H.V. Furness Painting (c1909-1912)
The mission statement of The CFA Foundation includes the "acquisition of artwork". To this end, we were delighted to acquire a drawing of an early Persian, particularly when the cat could be identified and the painting dated as being over a century old.
The drawing itself, of a white Persian, is done in charcoal. We were fortunate that a picture of the drawing was found in the May 1914 issue of The Cat Review, a popular publication of the era, printed in Elizabeth, NJ and dedicated to the subject of cats. We were doubly fortunate that both the cat and the owner were identified!
"Don Giovanni', also known as 'Kilravock Don Giovanni', was a blue-eyed white Persian male, born July 9, 1908. He was registered with the American Cat Association (ACA 1352, v5) and with the Cat Fanciers' Association (CFA 564, v2). He was bred by Miss J. Kroeh of Orange, NJ, and his owner was Mrs. J.L. Renner of Medford, OR (and later Richmond, CA). The pedigree for Don Giovanni is shown below.
ACA CH Prince of Pearls, blue-eyed White CH Sousa, 1902, blue-eyed White, ACA 152/CFA 320 | Dainty, copper-eyed White Don Giovanni, July-9-1908, blue-eyed White Persian M | UK CH Oberon, blue-eyed White Kilravock Magnolia II, 1905, blue-eyed White, CFA 130 Magnolia, blue-eyed White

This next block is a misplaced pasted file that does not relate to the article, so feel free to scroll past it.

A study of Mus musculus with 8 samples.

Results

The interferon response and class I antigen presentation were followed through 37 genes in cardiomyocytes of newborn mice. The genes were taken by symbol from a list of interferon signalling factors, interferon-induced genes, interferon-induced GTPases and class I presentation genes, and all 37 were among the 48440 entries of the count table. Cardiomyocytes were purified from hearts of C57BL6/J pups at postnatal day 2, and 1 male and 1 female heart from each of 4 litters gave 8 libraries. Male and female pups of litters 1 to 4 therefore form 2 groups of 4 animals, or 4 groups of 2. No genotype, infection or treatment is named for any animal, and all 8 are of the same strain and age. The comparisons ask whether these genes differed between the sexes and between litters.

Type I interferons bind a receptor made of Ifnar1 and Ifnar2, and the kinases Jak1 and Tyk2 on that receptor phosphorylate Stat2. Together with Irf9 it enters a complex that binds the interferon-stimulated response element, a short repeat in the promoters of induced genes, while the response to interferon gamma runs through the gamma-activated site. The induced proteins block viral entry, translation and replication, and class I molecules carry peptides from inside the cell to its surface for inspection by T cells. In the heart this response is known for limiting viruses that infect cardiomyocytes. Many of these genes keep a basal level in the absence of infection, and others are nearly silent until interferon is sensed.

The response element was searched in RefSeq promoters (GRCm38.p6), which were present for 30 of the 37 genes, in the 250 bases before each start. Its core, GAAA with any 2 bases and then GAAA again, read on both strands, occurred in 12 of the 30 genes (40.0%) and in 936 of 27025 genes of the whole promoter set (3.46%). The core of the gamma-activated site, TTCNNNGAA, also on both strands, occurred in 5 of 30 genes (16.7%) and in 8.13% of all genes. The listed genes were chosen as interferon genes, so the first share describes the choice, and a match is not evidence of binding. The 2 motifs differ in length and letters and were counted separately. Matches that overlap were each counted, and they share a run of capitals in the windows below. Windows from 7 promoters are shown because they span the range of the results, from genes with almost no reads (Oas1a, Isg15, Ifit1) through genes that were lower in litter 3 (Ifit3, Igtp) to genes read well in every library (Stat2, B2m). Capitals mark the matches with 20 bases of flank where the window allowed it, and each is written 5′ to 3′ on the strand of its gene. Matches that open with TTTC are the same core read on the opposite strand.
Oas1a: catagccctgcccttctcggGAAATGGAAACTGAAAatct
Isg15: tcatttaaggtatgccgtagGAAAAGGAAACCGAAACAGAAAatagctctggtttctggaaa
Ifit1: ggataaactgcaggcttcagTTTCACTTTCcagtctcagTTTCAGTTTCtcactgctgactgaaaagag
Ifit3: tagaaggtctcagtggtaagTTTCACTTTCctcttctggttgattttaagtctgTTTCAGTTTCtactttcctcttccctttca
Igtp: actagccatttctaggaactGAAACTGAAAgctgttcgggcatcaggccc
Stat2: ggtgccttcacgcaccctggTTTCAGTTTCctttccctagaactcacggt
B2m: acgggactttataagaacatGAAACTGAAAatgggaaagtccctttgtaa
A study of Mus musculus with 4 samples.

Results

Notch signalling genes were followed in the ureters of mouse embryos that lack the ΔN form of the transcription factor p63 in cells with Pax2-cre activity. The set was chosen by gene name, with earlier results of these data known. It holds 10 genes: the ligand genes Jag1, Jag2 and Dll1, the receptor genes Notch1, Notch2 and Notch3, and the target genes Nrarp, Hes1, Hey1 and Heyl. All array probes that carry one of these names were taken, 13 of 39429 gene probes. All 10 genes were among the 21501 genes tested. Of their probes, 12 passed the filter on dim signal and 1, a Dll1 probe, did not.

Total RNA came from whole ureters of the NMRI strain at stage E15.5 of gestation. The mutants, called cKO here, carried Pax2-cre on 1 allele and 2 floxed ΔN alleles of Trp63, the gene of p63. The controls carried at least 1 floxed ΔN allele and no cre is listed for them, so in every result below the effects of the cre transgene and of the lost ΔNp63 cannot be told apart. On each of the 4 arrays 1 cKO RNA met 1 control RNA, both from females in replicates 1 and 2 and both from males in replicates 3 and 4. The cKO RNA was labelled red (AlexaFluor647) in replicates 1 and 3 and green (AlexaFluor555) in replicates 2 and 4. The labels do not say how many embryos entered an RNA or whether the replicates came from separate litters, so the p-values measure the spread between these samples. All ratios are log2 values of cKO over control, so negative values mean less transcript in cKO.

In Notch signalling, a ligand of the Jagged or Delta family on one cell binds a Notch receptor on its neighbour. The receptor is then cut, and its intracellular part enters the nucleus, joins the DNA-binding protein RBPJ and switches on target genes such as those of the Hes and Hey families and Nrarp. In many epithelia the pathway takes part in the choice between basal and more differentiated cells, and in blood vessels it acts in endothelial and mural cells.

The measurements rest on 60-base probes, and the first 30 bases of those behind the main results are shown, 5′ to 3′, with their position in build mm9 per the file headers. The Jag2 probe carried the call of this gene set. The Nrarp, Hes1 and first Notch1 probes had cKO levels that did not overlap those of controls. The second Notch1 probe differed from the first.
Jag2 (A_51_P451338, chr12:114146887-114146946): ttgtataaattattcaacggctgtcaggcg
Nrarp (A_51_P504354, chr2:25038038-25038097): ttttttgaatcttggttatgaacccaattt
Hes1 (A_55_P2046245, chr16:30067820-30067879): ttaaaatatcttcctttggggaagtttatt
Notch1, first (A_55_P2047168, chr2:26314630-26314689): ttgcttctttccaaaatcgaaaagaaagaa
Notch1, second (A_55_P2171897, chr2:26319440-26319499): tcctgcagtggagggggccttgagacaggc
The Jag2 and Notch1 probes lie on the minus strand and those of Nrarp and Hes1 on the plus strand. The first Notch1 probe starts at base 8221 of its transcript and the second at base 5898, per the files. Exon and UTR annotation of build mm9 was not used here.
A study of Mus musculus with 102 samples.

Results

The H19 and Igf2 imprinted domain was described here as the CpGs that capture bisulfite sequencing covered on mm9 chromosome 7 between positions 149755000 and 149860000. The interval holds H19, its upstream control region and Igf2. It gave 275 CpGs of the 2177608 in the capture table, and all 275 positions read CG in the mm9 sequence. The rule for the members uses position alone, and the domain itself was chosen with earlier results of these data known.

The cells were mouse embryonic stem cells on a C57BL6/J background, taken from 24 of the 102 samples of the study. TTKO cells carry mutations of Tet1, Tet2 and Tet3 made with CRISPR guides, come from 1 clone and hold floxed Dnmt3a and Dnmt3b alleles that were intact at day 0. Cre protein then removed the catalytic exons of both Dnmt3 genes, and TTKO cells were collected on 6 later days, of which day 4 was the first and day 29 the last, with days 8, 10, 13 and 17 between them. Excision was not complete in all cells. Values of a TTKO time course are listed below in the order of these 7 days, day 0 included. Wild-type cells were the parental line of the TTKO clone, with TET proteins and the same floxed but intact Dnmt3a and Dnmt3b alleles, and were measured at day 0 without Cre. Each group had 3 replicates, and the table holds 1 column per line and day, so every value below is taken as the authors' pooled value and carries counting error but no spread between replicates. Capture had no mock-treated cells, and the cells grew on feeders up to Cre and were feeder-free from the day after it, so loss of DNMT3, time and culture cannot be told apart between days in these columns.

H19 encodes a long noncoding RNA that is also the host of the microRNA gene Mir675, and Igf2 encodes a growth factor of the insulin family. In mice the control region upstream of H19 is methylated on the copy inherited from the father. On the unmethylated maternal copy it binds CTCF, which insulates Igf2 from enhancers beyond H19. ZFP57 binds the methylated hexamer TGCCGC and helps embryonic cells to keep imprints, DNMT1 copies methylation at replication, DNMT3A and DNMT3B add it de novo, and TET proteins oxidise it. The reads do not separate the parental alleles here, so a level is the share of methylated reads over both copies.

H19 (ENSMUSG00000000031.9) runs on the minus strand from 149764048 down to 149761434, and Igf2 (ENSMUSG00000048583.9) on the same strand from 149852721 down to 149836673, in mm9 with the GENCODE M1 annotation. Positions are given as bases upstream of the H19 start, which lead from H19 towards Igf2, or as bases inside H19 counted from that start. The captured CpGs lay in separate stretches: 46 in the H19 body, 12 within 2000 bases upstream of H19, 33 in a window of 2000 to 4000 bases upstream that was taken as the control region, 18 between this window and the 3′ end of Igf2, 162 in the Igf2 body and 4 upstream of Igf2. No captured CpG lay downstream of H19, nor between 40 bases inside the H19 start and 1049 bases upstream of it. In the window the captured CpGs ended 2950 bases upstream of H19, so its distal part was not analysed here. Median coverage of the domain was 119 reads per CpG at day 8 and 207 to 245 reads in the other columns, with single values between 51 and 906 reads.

In additional generations, this pedigree traces directly to cats imported from Persia and also to the famous white Persian stud, White Friar, in England.
As the cat was born in 1908 and appears to be an adult in the drawing, we feel confident that the date of the drawing is between 1909, and 1914 when the picture of it was printed. Handwritten on the back of the drawing is "Best in Show 1912", which may further narrow the date as between 1909 and 1912. In Volume 2 of the Stud-book & Register of The Cat Fanciers' Association wins for Kilravock Don Giovanni are listed as "1st, Novice, 1st, Open, Portland, 1912", which would confirm the win noted on the back of the drawing.
Mrs. Harriet V. Furness was a well-known animal painter who lived in New York City and advertised her services in various magazines. In addition, she was also a breeder of Angoras (Persians) in a variety of colors, and numerous of her cats (with exceptional pedigrees) can be found registered in the early studbooks of The Cat Fanciers' Association.